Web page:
They demanded that pensions be reduced and that taxes be further be increased. This would add more misery on an over-burdened people. Unemployment is over 25% and over 50% among youths.
He also will close banks and stock exchanges and impose strict capital controls over the ext few days. People will be able to make small daily withdrawal from ATMs but pensions will be paid out at banks.
Tsipras insists hat he does not want to pull Greece out of the Eurozone and polls have shown that as much as 70% of the people want to remain in. The only Greek industry ( people still flock to Greece to see its ancient ruins, like the Parthenon), that is still doing well is tourism but owners and workers in the industry fear that tourists would leave if violence broke out or if there is fuel shortages or if they are able to access payments made on credit cards.
Political opinions are sharply divided, of course. There are those who blame Tsipras for not accepting Europe's terms, and others who praised him for not caving in. There are those who believe that Europe owes Greece more than Greece owes Europe and there are those who fear that Greece will be expelled from the Eurozone.
There is no formal mechanism to evict any country. In 1999, when the common currency was adopted, no one contemplated that this would be necessary.
There is to be a last-ditch talks on Monday, 29 June, between Greece and the creditors.
Greece may have a "white knight" in Russia. Tsipras spoke at the St. Petersburg Economic Forum and met with Putin afterwards. Russia can use this, to sow division in Europe. Putin is still smarting from the sanctions imposed on Russia by America and Europe over Ukraine and being kept out of the G7. He an offer financial relief to Greece and he also as oil and gas in abundance to lure, especially the East and North European countries.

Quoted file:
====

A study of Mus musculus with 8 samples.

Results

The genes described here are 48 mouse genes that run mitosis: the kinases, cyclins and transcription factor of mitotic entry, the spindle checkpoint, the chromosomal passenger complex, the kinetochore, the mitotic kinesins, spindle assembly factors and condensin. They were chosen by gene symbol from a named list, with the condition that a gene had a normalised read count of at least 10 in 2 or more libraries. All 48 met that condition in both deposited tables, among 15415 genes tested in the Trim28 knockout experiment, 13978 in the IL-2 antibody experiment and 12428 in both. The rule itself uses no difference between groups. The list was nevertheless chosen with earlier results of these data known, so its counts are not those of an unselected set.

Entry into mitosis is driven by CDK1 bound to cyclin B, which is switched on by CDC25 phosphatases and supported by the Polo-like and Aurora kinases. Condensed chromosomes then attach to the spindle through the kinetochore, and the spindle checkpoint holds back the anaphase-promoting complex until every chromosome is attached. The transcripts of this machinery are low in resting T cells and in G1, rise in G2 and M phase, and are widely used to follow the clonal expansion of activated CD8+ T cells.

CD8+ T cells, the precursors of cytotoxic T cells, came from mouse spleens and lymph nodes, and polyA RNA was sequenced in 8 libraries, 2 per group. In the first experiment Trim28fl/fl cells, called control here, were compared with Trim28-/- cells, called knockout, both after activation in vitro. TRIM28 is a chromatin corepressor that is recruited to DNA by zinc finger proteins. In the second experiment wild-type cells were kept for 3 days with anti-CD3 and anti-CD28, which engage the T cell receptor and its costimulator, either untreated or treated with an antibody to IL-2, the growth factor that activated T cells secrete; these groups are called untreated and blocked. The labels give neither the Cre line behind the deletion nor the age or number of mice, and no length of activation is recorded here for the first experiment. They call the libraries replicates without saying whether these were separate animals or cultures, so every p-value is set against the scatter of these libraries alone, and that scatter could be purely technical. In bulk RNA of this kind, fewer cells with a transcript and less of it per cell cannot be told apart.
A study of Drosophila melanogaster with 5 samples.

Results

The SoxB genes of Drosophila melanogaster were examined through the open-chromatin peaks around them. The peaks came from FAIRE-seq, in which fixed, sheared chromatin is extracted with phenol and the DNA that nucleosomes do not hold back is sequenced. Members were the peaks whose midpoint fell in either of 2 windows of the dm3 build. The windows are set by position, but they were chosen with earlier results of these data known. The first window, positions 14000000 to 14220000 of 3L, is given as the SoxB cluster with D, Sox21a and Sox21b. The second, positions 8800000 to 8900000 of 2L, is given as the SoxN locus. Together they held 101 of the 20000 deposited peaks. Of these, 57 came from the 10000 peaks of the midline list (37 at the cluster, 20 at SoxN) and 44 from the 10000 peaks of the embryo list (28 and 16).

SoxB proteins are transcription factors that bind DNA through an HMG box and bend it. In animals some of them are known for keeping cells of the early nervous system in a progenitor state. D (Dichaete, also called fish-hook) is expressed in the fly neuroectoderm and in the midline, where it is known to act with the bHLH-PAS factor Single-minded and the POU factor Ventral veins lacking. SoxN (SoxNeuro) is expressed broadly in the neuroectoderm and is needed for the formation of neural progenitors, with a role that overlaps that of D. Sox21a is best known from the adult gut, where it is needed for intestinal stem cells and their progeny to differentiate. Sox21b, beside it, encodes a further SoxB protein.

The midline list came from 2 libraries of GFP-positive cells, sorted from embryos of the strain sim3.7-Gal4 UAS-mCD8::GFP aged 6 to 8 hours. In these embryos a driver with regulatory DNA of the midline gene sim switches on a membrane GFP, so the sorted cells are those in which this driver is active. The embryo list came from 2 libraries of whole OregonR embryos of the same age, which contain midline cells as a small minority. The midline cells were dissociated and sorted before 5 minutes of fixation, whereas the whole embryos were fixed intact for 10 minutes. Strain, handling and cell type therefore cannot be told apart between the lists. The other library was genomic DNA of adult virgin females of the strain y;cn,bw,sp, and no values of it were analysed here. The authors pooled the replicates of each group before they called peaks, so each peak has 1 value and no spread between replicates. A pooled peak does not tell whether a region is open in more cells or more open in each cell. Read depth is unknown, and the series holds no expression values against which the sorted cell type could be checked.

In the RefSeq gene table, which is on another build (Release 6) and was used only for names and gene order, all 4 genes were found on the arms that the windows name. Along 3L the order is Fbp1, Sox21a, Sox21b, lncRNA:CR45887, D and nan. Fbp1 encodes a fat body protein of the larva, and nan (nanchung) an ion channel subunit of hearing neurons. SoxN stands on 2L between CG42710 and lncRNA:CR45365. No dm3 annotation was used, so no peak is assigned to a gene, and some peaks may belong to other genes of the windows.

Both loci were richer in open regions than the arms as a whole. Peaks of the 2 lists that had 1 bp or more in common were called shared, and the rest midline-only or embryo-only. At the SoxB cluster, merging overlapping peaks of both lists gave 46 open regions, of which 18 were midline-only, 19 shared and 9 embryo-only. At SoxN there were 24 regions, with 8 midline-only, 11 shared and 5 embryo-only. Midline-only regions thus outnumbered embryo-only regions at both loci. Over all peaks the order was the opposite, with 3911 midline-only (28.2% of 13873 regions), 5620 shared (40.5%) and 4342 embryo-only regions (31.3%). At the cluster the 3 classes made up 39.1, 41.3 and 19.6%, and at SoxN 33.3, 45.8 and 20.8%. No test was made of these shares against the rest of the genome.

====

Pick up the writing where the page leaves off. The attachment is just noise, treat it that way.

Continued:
The next few days will be very interesting. July 5, 2015 will determine the fate of the Eurozone, especially if the Greek voters overwhelmingly support Tsipras.
VOX POPULI, VOX DEI.
OXI, a resounding NO by the Greek people. They did not succumb to the fear-mongering, threats, blackmail and the postulations of gloom and doom by the toadies in the media and academia, as well as opposition leader Samaras, who touted the creditors line. It was 61% to the question " must the agreement plan submitted by the European Commission, the European Central Bank and the International Monetary Fund to the European Union of 25 June, 2015, and comprised of two parts which make up their joint proposal , be accepted?"
IACTA ALIA EST. The ball is now in the creditors' court and Merkel, whose country benefitted the most from the austerity measures, and which is owed 89 billion of the 323 billion euros and who had taken a very hard line with the Greek PM Tsipras, lecturing and blaming him for allowing the situation to deteriorate, hurriedly called a meeting with Hollande of France. They have also called for a leaders' summit on Tuesday. Obviously they believed that the "yes" side would prevail and they were thus unprepared for the NO victory, especially its margin. The polls which once again was wrong, had called the outcome a toss-up.
Tsipras has a strong position to deal from and the Troika has to decide whether to offer some relief and re-structure the loan with a lower interest rate or as suggested by German finance minister Schauble, let Greece temporarily leave the euro zone and use another( drachma), until the economic problem eases. Time will tell.
Portugal, Spain and Italy are following the events very closely. Their economy are also faltering under the austerity measures and the example of Greece's rejection of the latest terms by the creditors and their response will be a great interest.
The Greek people (in the spirit of Leonidas), have decided that it is far better to suffer standing up, rather than living on their knees. They have weathered the Ottomans and the Nazis and now they have sent a strong message with this resounding vote of OXI.